Phase Out the Fed With State Sound Money Laws

08/07/2012
       
Phase Out the Fed With State Sound Money Laws Image from Shutterstock.com

States are considering applying Article I, Section 10 not to "make anything but gold and silver coin a tender in payment of debts."

Although it is very encouraging that the House voted 327 to 98 to audit the Fed last month, it is virtually certain that the Senate will not concur this year. Moreover, it is virtually certain that Congress will not act to end or phase out the Fed any time soon.

So, what's to be done about the impending destruction of our currency by the Federal Reserve's ongoing expansion of the money supply. Click here (and scroll down) to see for yourself the huge increase in the money supply under the Federal Reserve vs. the dramatic decline in buying power of the dollar from 1959 to 2010 (Graphic by Michael Hodges, Grandfather Economic Reports). Since 2010 there has been a continuation of this rapid expansion of the money supply.

The preeminent expert on Constitutional money, Edwin Vieira, has a strategy for phasing out the use of Federal Reserve Notes through new state laws providing alternative currencies, which he has been promoting via interviews and videos for the past several years.

Basically, Vieira advocates that states start taking advantage of their sovereignty as guaranteed by the Tenth Amendment and their constitutional mandate under Article I, Section 10 not to "make anything but gold and silver coin a tender in payment of debts," by passing laws providing alternative currencies in their states based on gold and silver.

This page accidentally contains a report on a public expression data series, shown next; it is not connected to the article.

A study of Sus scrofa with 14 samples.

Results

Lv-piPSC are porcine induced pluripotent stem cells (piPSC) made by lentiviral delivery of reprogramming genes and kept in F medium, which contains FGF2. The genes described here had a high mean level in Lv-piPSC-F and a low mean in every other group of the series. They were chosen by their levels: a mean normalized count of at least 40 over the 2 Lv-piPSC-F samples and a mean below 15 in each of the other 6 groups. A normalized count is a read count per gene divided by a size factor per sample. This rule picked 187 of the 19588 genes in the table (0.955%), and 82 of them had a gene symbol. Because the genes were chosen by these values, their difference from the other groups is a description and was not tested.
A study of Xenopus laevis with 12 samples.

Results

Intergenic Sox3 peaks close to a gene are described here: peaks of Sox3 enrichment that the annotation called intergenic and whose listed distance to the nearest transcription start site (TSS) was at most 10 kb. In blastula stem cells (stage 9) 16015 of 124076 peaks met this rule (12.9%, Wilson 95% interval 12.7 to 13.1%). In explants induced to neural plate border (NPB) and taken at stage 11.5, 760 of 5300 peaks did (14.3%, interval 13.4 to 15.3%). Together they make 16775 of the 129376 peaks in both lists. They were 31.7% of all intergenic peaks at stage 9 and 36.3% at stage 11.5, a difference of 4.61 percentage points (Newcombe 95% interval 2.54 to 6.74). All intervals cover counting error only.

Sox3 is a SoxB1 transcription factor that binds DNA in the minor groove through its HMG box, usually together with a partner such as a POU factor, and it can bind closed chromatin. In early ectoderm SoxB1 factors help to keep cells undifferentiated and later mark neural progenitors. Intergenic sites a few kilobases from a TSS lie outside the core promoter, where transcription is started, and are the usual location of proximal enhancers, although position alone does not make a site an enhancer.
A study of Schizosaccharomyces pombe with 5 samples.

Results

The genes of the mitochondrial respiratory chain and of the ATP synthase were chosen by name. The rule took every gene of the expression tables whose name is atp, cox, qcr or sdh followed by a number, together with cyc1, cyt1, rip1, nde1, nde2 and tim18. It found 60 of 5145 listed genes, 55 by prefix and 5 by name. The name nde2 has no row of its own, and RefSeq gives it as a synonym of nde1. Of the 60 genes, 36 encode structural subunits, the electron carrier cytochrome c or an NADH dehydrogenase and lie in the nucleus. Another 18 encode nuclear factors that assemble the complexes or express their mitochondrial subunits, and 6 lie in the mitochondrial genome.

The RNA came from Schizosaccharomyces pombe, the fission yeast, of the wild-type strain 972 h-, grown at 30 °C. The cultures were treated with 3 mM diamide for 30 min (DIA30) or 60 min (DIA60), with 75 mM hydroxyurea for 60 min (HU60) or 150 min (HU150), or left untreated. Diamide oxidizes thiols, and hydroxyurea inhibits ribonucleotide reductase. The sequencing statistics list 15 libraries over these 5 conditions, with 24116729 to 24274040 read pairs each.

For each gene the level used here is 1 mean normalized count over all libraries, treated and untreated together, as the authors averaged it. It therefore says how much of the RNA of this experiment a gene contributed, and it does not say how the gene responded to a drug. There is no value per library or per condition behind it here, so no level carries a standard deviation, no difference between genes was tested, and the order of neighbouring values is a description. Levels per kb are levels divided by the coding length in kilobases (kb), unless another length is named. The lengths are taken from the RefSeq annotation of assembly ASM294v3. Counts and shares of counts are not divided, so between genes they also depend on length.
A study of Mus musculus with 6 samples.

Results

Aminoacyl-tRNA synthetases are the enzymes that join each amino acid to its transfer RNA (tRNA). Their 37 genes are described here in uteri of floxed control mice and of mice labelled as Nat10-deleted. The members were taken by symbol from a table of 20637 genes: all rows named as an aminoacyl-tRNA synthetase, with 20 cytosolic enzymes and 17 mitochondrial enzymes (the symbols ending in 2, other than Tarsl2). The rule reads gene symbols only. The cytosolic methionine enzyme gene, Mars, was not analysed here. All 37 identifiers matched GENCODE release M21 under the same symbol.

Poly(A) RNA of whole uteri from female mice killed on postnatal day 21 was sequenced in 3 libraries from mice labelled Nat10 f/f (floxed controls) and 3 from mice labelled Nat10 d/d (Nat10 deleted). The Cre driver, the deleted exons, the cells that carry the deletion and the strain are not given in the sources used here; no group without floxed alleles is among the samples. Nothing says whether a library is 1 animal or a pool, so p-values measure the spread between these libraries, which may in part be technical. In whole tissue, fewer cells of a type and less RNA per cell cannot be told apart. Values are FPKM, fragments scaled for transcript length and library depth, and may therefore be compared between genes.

A good way to understand Vieira's strategy is to view the video, "What Is Constitutional Money?", shown below, which consists of a lecture he gave last November in Washington, DC, sponsored by Congressman Ron Paul. Be sure to view all the way to the end of the question-and-answer period to get the whole story.

Since 2005 at least fourteen states have introduced bills to provide for the establishment of alternative currencies based on gold and silver: Colorado, Georgia, Idaho, Indiana, Iowa, Minnesota, Missouri, Montana, New Hampshire, South Carolina, Tennessee, Utah, Virginia, and Washington.

The only state to pass its alternative currency bill
and get the governor's signature was Utah in 2011. Utah's bill, HB317, provides a model bill for other states to consider introducing. Although Georgia didn't pass its alternative currency bill, HB3, in the 2011-12 session, its bill also provides another good model bill for other states to consider. While the Utah bill is stronger in its attention to the tax treatment of silver and gold money, the Georgia bill is stronger in its attention to the valuation of silver and gold money and in its requirement that state debts be paid in gold and silver.

Vieira emphasizes in the video below that his recommendation for creating state-based alternative currencies is not a "solution" to the destruction of our currency by the Fed, but that he believes these alternative currencies are the only "practical direction" for mitigating the bad effects of this destruction, and that they would provide a "floor" under the damage. Furthermore, these state-based alternative currencies would provide a model for the restoration of constitutional money at the national level.

If you agree with the above alternative currencies strategy, please contact your state representative(s) and senator and ask them to introduce or cosponsor an alternative currency bill similar to Utah's or Georgia's or a blend of the two in the 2013 legislative session.

(Image of Federal Reserve Note and gold coins via Shutterstock.com.)